How to spot ATM skimming devices

How to spot ATM skimming devices

Recent incidents involving card skimming devices being installed at Virginia Credit Union ATMs should have all debit card users on alert. In a card skimming crime, the crooks install a device on an ATM to collect card data which they use to produce fake debit cards to withdraw funds.

A skimming device fits over the ATM's card reader. Hidden cameras or wandering eyes take down your pin.

Here's what to look out for when using an ATM:

  • A skimmer is often times no bigger than a deck of cards and blends right in with ATM, looking like a piece of plastic that belongs on the machine. Make sure your ATM doesn't have wires hanging from it, or look like its been tampered with -- before you go to use it.
  • Police say you should make sure the slot to read your card is the same color as the rest of the machine and look for any nuts or bolts out of place.
  • A card might not go into the ATM smoothly, or there may be something added to the machine. In that case, don't use the card and notify the bank right away.
This comparison shows how difficult it can be to spot a skimming device on an ATM; the one on the right has the skimmer in place over the card reading slot. (Credit: NBC12)
This comparison shows how difficult it can be to spot a skimming device on an ATM; the one on the right has the skimmer in place over the card reading slot. (Credit: NBC12)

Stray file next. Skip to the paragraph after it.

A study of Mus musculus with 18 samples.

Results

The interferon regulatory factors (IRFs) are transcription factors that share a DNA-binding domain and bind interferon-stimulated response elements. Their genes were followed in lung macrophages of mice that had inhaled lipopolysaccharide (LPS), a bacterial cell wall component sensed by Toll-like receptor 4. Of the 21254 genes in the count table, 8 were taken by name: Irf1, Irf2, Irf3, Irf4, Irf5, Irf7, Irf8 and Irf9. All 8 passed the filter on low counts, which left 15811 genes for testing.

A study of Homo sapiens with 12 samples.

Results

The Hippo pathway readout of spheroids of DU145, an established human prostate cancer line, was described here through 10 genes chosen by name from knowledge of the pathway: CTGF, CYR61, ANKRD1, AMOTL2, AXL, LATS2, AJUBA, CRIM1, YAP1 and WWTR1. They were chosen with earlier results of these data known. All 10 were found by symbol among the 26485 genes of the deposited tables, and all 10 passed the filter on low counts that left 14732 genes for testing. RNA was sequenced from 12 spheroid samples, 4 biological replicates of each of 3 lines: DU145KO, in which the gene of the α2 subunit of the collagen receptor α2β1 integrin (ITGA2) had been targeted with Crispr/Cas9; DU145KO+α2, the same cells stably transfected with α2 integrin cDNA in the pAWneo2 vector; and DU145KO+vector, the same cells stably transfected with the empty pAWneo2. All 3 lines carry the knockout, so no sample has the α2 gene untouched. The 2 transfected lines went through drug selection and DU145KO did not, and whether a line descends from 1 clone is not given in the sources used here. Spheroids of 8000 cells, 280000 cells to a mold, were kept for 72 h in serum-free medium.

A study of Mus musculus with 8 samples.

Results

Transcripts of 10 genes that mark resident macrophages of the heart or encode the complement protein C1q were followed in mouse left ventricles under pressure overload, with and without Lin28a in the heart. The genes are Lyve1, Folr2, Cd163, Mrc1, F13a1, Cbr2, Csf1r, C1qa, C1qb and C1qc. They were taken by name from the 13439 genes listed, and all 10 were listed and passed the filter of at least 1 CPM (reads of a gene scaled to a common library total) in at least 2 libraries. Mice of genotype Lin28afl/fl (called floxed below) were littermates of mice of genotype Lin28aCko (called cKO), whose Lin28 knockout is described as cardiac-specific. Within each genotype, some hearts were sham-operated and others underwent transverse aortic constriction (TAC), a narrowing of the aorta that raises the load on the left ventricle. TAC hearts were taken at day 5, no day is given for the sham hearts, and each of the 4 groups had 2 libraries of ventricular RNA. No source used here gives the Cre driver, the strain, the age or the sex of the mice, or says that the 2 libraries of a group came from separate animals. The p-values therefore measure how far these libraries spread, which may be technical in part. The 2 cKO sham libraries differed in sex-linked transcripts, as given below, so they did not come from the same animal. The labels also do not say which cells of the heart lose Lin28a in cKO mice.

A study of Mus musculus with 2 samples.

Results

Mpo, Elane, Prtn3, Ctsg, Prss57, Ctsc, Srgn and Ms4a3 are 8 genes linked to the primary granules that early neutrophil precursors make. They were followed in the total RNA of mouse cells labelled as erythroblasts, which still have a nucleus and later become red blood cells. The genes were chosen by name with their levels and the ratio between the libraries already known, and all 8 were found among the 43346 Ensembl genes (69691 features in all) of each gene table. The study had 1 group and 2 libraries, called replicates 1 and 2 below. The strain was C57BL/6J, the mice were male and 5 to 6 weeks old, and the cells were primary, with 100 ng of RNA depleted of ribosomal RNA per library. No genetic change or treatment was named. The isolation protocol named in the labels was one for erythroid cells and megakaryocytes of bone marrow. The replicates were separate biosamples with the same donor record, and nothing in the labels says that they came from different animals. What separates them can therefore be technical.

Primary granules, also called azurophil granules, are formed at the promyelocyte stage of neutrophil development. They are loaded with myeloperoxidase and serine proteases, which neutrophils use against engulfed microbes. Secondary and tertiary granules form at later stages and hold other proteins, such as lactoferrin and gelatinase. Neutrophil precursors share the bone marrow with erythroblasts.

This comparison shows how difficult it can be to spot a skimming device on an ATM; the one on the right has the skimmer in place over the card reading slot. (Credit: NBC12)

In the wake of these recent skimming incidents, experts say it's more important than ever to be vigilant about your credit.

"Your front line resource is checking your bank account on a regular basis and checking your credit card on a regular basis," says Rebecca Gershowitz with the non-profit Clearpoint Credit Counseling Solutions.

She also suggests using cash, but if you do use your debit or credit cards, make sure you're using secured online sites and reputable ATMs or stores to withdraw cash.

And, if you really want to protect your credit: "If you know you're not going to be opening any new lines of credit or accounts, contact the credit bureau and put a freeze on your credit report, so that no new accounts can be opened without your knowledge," Gershowitz said.

Here are some things you can do if you've been impacted by skimmers or if you're concerned:

  • Change your PIN
  • Review your account and report suspicious actively
  • When entering your PIN, make sure you use your hand to cover, it so that it can not be seen.
  • If you see unauthorized activity on your account, contact your bank or credit card company immediately.